POZENA’s professional human translations from Maltese to English and any other language or from English and any language into Maltese are reliably performed by formally qualified native-speaking translators, assuring their consistently high quality.

Why choose professional Maltese translations?


  • Maltese is the mother tongue of about 500 thousand people (0.007% of the world’s population).
  • Maltese is the official language of Malta. It is also spoken as a native language by members of the Maltese diasporas in the United States, Tunisia, Australia and the United Kingdom.
 
 

POZENA’s professional Maltese translations

  • Assurance of professional quality
  • Business-class reliability
  • Translators who are native-speakers of Bosnian
  • Translations for a broad range of industries and disciplines
  • Document translations of any type and format
  • Certified Bosnian translations
  • Specialist translations and non-standard requirements
  • Translations from Bosnian to English or any other language
  • Friendly and professional client service
  • Contact POZENA to discuss any multilingial project
 

Maltese – basic information

  • Malti is a member of the Semitic subfamily, a branch of the Afro-Asiatic language family. The origins of this language are linked with the Arab conquest of Malta in 870 AD, which is why Maltese is descended from Arabic. When the Maltese Archipelago was conquered by the Normans and became part of the Kingdom of Sicily, Maltese began to evolve as a distinct language: while retaining the structure of a Semitic language, it adopted vocabulary from other languages, primarily from Italian and English (for 200 years Malta was a British colony). The language existed only in speech until the early 20th century when Maltese orthography was codified. Today Maltese is the only Semitic language written in the Latin script.
  • Due to a relatively small number of native speakers, Maltese does not exhibit strong dialectal variation. It is regulated and promoted by the National Council for the Maltese Language.
  • Maltese has been one of the official languages of the EU since 2004. However, until 2007 its use in the EU institutions was partially limited. Due to a shortage of translators, only the most essential legal acts were translated.
 

Specialist industry translations from and into Maltese

Certified translations

Legal translations

Translations for the energy sector

Military translations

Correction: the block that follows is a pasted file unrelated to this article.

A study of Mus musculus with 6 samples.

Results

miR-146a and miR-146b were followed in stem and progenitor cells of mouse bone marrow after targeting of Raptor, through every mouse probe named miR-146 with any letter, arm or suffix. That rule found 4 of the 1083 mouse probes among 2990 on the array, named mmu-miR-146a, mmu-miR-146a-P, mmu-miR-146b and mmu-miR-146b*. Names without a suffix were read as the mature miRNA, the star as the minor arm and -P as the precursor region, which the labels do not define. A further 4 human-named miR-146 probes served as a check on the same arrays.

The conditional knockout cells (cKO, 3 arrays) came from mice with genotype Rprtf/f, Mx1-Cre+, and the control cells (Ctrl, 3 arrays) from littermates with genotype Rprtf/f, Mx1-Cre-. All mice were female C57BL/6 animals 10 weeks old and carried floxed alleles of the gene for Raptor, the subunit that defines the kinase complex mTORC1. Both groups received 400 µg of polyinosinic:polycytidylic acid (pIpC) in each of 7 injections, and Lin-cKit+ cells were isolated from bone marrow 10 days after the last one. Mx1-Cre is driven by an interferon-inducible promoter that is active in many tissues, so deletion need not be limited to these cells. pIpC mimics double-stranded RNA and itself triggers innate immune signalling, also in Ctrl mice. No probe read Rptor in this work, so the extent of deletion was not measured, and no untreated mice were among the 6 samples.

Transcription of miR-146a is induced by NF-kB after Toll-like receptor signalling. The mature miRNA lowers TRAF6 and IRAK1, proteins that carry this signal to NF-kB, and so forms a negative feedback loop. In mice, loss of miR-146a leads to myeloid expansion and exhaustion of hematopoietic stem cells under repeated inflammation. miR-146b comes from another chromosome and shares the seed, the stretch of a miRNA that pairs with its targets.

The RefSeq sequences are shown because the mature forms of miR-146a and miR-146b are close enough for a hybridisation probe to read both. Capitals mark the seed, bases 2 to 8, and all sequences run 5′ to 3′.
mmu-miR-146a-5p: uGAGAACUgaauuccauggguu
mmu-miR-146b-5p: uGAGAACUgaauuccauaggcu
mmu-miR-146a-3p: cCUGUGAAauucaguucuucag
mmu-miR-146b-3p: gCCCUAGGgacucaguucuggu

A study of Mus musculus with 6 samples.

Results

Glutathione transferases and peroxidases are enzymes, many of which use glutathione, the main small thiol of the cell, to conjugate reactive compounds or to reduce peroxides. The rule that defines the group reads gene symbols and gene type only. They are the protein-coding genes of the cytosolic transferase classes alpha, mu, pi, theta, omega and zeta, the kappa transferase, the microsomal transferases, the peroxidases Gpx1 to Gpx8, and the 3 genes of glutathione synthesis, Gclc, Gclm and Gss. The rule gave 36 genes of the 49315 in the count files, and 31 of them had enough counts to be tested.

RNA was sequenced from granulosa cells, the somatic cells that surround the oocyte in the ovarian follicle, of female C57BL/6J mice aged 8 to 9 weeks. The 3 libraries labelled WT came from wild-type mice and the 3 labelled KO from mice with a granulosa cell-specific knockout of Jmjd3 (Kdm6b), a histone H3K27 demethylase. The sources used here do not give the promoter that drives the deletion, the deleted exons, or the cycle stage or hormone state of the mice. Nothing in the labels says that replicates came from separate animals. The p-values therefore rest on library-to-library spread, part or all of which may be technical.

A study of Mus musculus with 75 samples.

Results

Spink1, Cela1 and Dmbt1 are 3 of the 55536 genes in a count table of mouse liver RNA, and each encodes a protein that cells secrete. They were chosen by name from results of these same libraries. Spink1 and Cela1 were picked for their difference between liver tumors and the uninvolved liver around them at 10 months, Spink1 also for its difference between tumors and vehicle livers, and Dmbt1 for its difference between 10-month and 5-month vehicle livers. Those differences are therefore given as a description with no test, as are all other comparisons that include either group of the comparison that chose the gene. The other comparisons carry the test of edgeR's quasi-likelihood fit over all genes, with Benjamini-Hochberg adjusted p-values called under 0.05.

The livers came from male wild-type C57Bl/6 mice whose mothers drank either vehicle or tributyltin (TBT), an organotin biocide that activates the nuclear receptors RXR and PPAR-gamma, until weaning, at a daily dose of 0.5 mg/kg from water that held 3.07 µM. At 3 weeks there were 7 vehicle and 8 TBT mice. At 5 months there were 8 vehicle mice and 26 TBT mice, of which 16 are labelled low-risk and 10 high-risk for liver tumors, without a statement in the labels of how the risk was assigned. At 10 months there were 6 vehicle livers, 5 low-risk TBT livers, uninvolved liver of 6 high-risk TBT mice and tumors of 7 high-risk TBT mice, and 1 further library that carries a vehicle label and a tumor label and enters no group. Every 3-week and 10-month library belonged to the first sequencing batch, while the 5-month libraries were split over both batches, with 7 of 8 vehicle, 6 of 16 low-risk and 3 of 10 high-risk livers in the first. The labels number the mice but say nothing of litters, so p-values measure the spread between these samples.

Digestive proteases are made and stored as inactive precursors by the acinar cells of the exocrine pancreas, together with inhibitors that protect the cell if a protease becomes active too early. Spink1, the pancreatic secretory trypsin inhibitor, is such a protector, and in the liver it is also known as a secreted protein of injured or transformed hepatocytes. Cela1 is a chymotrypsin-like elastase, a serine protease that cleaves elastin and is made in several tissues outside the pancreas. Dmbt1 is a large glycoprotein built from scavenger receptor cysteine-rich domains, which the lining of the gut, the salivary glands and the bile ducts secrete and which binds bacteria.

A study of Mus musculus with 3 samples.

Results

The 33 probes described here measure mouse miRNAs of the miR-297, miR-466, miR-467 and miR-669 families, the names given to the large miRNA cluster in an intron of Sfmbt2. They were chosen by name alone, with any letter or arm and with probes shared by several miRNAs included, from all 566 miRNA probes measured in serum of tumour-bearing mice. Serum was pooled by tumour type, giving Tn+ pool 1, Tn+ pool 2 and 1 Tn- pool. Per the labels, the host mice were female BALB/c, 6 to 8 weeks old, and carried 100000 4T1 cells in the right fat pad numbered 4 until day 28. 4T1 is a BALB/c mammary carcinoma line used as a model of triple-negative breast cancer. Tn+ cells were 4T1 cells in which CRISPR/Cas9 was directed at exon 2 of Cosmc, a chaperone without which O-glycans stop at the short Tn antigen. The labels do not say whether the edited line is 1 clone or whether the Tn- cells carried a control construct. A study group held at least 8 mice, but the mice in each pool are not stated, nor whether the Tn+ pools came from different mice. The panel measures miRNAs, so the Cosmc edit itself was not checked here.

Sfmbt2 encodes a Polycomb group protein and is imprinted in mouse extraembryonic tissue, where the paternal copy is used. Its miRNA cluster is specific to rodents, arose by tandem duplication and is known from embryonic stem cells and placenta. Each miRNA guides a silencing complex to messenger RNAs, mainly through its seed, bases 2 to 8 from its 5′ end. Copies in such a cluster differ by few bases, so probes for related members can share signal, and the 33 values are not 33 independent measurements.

Business translations

Marketing translations, localisation and copywriting

Translation of agreements and power of attorney

Translations of user guides and service manuals

Translations of technical documentation

Website translation

Translation of business offers and public tenders

Financial and Accounting translations

 

Basic words and phrases – English-Maltese mini dictionary

  • yes - iva

  • no - le

  • please - jekk jogħġbok

  • thank you - grazzi

  • sorry - skużi

  • good morning - għodwa t-tajba

  • good evening - bonasira

  • goodbye - caw

  • good night - il-lejla t-tajba

  • hi - bongu

  • How are you? - Kif sejjer?/Kif int?

  • good - tajjeb

  • My name is… - Jien jisimni...

  • I don't understand - Ma nifhimx

  • I'm from the UK - I ġejjin mir-Renju Unit

 

Interesting facts

  • As 88% of Maltese are fluent in English, in everyday interaction they sometimes insert English words into Maltese sentences. This phenomenon of code-switching has been labelled Maltenglish.
  • Regardless of the impact of the above phenomenon, Maltese contains a large number of English loanwords. Examples include such words as: plejer (Eng. player), friġġ (Eng. fridge) and mowbajl (Eng. mobile phone).
  • The hybrid nature of the Maltese language, which incorporates the features of the Semitic and Indo-European languages, is reflected by the different ways of pluralizing nouns. Many words are pluralized by adding a suffix (e.g. omm → ommijet; Eng. mother → mothers). However, plurals can also be formed through internal changes (e.g. dar → djar; Eng. house → houses), which are typical of the Arabic language.
  • Maltese verbs are derived from the Romance languages. However, they are conjugated with Maltese prefixes and suffixes.